Hey guys, hope you’re having a great day! This is my review to Robin LaFevers’s debut novel, Grave Mercy, which was her first book in her His Fair Assassin Trilogy.
This book is about a young girl named Ismae, who is believed to be the Daughter of St. Mortain (Saint of Death). When she is forced to marry a man quite older than herself, she is taken to a convent, where she is trained to be a handmaiden of death. These handmaidens carry out the will of Mortain and kill those who have betrayed their country. Ismae has dangerous gifts that benefit her to kill. Her major one is that she is immune to all kinds of poisons—and none can affect or kill her. For her final assignment, before she is able to say her vows to serve Mortain, she has to enter the high court of Brittany as the mistress to Gavriel Duval whose loyalty to Brittany is suspected by the convent.
I have to admit, the first quarter of Grave Mercy was quite enjoyable. Mostly, because it was quite interesting to read about Ismae’s skills and how she uses them in her assignments. The way Ismae carries out her duties is admirable, and her loyalty is unquestionable—to the convent.
But the around the second quarter, I wasn’t sure how much I was enjoying Grave Mercy. I mean, she leaves with Gavriel Duval and gets her stuff. Then after, nothing much happens. You’re kind of just sitting there and waiting, but really nothing much happens. I mean, that is until the plot starts getting into the political stuff.
But the last half (two quarters—I don’t know why I have to write this . . .) was extremely enjoyable! That was the time I had gotten into the political meaning of the book, and some of the plot twists were finally getting to play! The ending was very enjoyable and Grave Mercy seemed to be a stand-alone novel to me, until I turned the page and found out that there was a second book: Dark Triumph. Of course I’m going to get it!
I would warn people that it is going to be more on the political side, it does include the whole assassination aspects too, but it will be more political. It did take me a while to get used to, but I eventually got there.
I loved Duval! He was a great hero: he wasn’t the “most handsome person Ismae had ever seen” and he wasn’t stereotyped in any way. He was simply extremely loyal to his sister, the duchess. NO INSTA-LOVE. NO INSTA-LOVE. Like, sure they had tensions, but the actual romance started up in the middle of the book. Especially the tiny moments between him and Ismae at night when they would pretend that she was his mistress!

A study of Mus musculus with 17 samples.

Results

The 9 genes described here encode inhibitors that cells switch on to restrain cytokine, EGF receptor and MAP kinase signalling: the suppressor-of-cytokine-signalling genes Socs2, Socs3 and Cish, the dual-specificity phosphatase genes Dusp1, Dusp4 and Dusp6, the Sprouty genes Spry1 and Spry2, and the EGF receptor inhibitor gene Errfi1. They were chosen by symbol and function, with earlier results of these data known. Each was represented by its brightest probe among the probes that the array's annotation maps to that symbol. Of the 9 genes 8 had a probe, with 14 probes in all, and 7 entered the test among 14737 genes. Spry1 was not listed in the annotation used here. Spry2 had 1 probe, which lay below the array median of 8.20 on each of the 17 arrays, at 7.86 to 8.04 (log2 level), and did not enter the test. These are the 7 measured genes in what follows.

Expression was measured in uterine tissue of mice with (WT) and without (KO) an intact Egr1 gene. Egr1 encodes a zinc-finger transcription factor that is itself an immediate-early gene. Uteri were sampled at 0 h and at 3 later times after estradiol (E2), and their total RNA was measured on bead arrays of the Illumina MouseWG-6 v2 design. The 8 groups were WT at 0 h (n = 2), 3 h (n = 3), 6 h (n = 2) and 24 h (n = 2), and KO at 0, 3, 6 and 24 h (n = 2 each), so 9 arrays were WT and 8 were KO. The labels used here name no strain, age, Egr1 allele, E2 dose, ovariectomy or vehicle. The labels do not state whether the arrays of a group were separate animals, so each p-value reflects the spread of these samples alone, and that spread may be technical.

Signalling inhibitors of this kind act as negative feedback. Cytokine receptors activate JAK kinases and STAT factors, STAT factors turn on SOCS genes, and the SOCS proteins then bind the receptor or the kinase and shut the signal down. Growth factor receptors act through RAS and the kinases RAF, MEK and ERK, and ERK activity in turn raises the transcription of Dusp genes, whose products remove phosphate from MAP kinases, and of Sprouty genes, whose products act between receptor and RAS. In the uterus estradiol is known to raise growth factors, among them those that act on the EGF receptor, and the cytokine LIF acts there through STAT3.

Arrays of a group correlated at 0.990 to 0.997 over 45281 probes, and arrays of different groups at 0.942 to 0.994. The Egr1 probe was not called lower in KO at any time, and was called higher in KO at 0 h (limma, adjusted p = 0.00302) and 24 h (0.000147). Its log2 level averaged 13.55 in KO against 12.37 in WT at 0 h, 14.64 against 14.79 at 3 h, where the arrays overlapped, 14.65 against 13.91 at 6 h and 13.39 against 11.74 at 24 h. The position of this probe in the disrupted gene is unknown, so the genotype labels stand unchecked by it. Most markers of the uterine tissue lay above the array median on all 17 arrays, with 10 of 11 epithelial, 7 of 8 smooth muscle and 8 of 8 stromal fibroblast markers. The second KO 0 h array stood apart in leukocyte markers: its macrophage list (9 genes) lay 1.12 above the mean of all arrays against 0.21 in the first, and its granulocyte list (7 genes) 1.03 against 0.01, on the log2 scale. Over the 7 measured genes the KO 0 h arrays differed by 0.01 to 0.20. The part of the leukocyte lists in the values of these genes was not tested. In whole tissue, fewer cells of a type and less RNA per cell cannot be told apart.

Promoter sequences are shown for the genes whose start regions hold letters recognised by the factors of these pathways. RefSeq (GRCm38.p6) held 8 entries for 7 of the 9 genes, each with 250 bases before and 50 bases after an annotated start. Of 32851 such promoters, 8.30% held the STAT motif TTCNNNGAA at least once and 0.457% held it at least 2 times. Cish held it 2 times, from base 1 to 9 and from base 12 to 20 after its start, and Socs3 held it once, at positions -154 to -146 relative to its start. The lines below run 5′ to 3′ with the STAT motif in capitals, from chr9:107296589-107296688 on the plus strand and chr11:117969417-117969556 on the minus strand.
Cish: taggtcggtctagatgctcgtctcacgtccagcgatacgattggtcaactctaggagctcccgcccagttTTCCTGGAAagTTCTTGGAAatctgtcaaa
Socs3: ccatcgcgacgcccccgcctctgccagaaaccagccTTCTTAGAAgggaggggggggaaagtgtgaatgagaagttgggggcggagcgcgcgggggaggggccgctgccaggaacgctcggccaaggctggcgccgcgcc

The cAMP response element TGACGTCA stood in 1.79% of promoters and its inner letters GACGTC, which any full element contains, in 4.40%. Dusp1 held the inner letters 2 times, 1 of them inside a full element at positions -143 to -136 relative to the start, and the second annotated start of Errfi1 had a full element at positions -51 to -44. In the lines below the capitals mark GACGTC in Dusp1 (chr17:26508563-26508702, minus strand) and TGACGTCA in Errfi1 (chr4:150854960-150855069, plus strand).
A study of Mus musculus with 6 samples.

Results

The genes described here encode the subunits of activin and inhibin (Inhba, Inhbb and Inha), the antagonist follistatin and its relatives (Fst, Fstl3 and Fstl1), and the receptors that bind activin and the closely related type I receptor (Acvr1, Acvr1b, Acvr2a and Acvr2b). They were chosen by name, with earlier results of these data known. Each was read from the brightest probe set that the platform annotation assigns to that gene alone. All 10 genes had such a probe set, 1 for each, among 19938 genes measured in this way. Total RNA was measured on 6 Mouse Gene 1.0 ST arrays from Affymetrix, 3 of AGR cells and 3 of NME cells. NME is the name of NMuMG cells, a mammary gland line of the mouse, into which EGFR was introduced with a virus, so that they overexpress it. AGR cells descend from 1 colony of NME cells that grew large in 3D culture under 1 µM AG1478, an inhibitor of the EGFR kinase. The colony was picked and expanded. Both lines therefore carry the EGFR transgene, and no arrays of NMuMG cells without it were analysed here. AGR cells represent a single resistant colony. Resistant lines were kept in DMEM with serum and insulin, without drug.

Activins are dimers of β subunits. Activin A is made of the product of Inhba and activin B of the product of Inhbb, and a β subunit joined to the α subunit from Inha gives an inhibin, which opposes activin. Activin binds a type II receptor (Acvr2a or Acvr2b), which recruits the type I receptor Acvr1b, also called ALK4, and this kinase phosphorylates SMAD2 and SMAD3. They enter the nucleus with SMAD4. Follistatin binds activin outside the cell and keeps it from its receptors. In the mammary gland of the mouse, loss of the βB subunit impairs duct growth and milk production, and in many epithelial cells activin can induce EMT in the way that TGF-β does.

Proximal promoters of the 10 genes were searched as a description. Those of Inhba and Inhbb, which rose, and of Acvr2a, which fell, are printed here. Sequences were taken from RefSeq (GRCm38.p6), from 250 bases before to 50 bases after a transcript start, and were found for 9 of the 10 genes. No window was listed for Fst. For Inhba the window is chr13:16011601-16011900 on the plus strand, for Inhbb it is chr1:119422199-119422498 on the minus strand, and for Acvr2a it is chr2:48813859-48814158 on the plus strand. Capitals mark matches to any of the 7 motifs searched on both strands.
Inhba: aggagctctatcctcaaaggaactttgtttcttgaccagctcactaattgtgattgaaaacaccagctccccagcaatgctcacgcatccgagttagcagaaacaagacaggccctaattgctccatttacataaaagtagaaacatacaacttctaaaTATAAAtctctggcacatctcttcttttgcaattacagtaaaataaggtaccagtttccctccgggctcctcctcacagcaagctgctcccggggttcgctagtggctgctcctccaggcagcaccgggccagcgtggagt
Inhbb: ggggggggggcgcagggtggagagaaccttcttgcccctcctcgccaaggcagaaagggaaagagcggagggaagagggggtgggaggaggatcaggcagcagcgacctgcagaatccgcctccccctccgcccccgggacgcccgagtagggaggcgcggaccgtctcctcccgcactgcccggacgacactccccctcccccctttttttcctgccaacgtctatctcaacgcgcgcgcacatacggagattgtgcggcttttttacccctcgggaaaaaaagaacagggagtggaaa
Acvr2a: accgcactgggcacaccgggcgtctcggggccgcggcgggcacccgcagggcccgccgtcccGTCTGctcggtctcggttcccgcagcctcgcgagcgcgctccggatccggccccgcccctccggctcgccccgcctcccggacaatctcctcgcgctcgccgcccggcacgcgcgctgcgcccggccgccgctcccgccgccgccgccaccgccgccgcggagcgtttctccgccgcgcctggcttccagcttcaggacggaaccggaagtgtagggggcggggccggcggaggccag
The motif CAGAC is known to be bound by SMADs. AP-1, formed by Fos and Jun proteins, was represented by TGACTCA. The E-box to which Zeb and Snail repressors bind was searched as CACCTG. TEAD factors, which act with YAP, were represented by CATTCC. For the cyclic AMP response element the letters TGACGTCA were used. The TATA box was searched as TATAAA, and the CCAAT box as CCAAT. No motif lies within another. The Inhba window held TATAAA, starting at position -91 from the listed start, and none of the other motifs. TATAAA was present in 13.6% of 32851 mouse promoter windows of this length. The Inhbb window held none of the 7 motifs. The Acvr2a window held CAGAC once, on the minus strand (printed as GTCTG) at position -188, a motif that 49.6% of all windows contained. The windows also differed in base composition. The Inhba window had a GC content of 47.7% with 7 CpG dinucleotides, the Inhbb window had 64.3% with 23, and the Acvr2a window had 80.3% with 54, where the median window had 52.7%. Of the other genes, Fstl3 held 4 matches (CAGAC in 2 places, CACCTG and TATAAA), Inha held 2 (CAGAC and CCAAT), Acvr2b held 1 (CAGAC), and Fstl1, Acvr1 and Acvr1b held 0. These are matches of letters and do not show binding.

“What is my fair assassin so afraid of? I wonder.”
“I’m not afraid.”
Duval tilts his head to the side. “No?” He studies me a long moment, then rises out of his chair. I hold my breath as he crosses to my bed. “Are you afraid I will draw closer, perhaps?”
Duval is my favorite!
I also loved Ismae, I definitely think she found her way along the story when she continued going on her own journey and figured out Mortain’s true will, and that he truly wants mercy than vengeance. While they’re taught at the convent that they should have no mercy. I loved how Ismae figured out how to truly serve Mortain, and this story is truly enjoyable all on its own.
I would’ve given this book five stars from the beginning, after the second quarter, I was thinking four and a half, and then by the middle of the second half, I was thinking four stars. But now, I’m thinking four and a half stars again, adding the extra half because I personally enjoyed this book a whole lot, despite its small and intricate flaws.
I would recommend this book to people who like to read about medieval times. This was the first for me, and I think this may lead a bit into fantasy from the fictional setting about the magical powers these handmaidens have. But this book is more political than constant assassinations, but it still has that since the main character is, after all, an assassin. It was pretty fun to read about the types of ways to kill people, and the poisons. So keep in mind: politics over constant killing. :) This book is highly recommended, some may like this more than others . . . so please, please, please give this book a try! It is definitely ambitious, mixing politics with religion and service towards the Saints. Definitely a refreshing read!
Thanks for reading my review, and I hope you all have a great day!